Earlier today I joined representatives and religious leaders from a wide range of faith traditions for the Faith over Fear walk. This pilgrimage of hope began at the Washington Hebrew Congregation, paused at the Washington National Cathedral and continued on to the Islamic Center. The messages along the way included a call to speak up in defense of those who face so much violence today. The effort this afternoon reflected something of the message of an event earlier this week at Georgetown University.
On Wednesday, December 16 at Georgetown University there was an interreligious gathering involving members of a wide range of religious traditions who came to stand together in order to demonstrate the importance of faith and solidarity. The group of religious leaders and representatives from various faith traditions was joined by Vice President Joseph Biden who made a strong plea for tolerance based on the respect we should all have for one another. In my remarks I spoke about our need also to speak up when we recognize violence as we see it today directed towards others under the guise of religion.
But tolerance if it is to be authentic and true cannot be selective. Unfortunately what we see too often in our country today under the guise of political correctness is selective intolerance.
After the recent shootings, violence and death that have occurred in our country there has been an effort to rally in defense of Muslims, their religious freedom and their holy book, the Koran. Again, we should all support this call for tolerance.
But what causes some of the call for tolerance to lose its credibility is when it comes from those who are only too comfortable being selectively tolerant.
We have recognized in our country in recent years a strong lack of tolerance for Christians, Catholics in particular and the Catholic Church. This is evident when it comes to our faith, our religious freedom and Bible based teaching.
We hear of college campuses where authorities seek to ban Christmas on the grounds that recognizing Jesus’ birth would be divisive. This claim seems particularly out of place in a land where we Americans have never found the celebration of Dr. Martin Luther King, Jr. Day divisive.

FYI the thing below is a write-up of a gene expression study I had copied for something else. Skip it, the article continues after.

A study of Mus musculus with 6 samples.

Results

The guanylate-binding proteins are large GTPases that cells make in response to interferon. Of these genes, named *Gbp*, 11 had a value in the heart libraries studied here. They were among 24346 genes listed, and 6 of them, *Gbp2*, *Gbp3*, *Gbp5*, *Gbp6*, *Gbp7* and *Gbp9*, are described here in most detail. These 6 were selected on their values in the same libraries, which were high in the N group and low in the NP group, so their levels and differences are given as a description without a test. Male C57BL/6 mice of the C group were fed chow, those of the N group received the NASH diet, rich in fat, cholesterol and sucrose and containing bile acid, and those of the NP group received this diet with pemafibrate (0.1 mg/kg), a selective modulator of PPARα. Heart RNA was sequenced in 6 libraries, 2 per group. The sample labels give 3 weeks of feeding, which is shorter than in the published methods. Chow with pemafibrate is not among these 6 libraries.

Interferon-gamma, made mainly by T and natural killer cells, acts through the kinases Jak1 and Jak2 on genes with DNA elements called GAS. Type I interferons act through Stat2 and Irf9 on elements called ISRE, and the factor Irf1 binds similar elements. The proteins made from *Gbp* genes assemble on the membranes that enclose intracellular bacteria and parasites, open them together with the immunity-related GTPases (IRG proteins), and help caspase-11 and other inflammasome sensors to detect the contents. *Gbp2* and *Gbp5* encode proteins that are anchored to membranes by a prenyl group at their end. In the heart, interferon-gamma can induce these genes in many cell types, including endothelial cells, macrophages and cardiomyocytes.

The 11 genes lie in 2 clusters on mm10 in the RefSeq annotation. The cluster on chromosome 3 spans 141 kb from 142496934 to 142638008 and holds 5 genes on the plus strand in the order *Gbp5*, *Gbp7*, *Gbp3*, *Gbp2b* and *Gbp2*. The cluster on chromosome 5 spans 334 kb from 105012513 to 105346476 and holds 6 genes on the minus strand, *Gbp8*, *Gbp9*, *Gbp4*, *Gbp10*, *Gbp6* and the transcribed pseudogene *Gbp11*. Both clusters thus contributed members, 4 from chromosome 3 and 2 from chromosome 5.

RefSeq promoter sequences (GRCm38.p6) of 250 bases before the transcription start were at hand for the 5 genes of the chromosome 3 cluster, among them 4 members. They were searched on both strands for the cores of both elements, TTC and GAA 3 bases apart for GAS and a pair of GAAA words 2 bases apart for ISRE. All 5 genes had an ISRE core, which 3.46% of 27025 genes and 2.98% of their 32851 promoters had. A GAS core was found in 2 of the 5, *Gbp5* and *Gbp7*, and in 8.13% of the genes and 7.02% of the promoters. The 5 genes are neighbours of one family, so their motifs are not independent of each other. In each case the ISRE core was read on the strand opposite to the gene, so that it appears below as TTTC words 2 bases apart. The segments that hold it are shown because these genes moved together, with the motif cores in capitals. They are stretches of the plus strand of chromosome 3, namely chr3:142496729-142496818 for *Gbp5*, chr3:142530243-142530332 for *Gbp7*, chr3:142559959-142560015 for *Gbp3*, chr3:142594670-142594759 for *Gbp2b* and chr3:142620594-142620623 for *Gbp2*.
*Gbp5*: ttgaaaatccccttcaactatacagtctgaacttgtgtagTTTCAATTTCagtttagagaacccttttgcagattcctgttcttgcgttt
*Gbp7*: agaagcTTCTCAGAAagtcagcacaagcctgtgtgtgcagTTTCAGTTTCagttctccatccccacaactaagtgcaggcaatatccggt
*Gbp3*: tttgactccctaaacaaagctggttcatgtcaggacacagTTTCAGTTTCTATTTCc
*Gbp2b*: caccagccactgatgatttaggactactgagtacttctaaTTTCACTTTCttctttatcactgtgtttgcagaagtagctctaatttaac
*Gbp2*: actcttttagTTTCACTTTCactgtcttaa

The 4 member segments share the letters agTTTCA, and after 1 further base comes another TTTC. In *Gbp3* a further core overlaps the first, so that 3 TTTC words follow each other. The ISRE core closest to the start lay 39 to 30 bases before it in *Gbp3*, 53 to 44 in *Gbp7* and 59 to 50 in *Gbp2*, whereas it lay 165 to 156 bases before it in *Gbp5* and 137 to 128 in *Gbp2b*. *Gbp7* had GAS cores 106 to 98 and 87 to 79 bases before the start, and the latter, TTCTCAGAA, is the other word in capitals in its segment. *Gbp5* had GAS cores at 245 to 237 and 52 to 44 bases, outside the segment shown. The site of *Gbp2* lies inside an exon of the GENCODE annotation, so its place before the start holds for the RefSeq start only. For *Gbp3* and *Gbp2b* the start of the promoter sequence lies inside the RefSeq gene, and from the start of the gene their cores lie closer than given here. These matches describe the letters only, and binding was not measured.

The Catholic Church’s appeal to the Scriptures to explain the definition of marriage as a commitment between a man and a woman is regularly decried by some in our country even at the highest political levels as discrimination, not to say bigotry.
Recently a long article appeared in the Washington Post that spoke of selective silence when it comes to some issues and the protection of some faith communities. That article reminded me of the reflection I gave at the Catholic University of America over a year ago on that same point. Then I questioned, in the face of the ISIS persecution of whole communities and villages of Christians and other minorities and the televised execution of Christians, and asked where are all of the voices that so regularly decry intolerance and violence, where are newspaper editorials and the talk show chatter and the government denunciations. I questioned then as some are questioning now “why the silence?”
This holy season should be a time for all of us to review in our hearts how selective is our tolerance? We should also, as citizens of this great nation, question why our nation is so selective when it comes to religious persecution and religious freedom.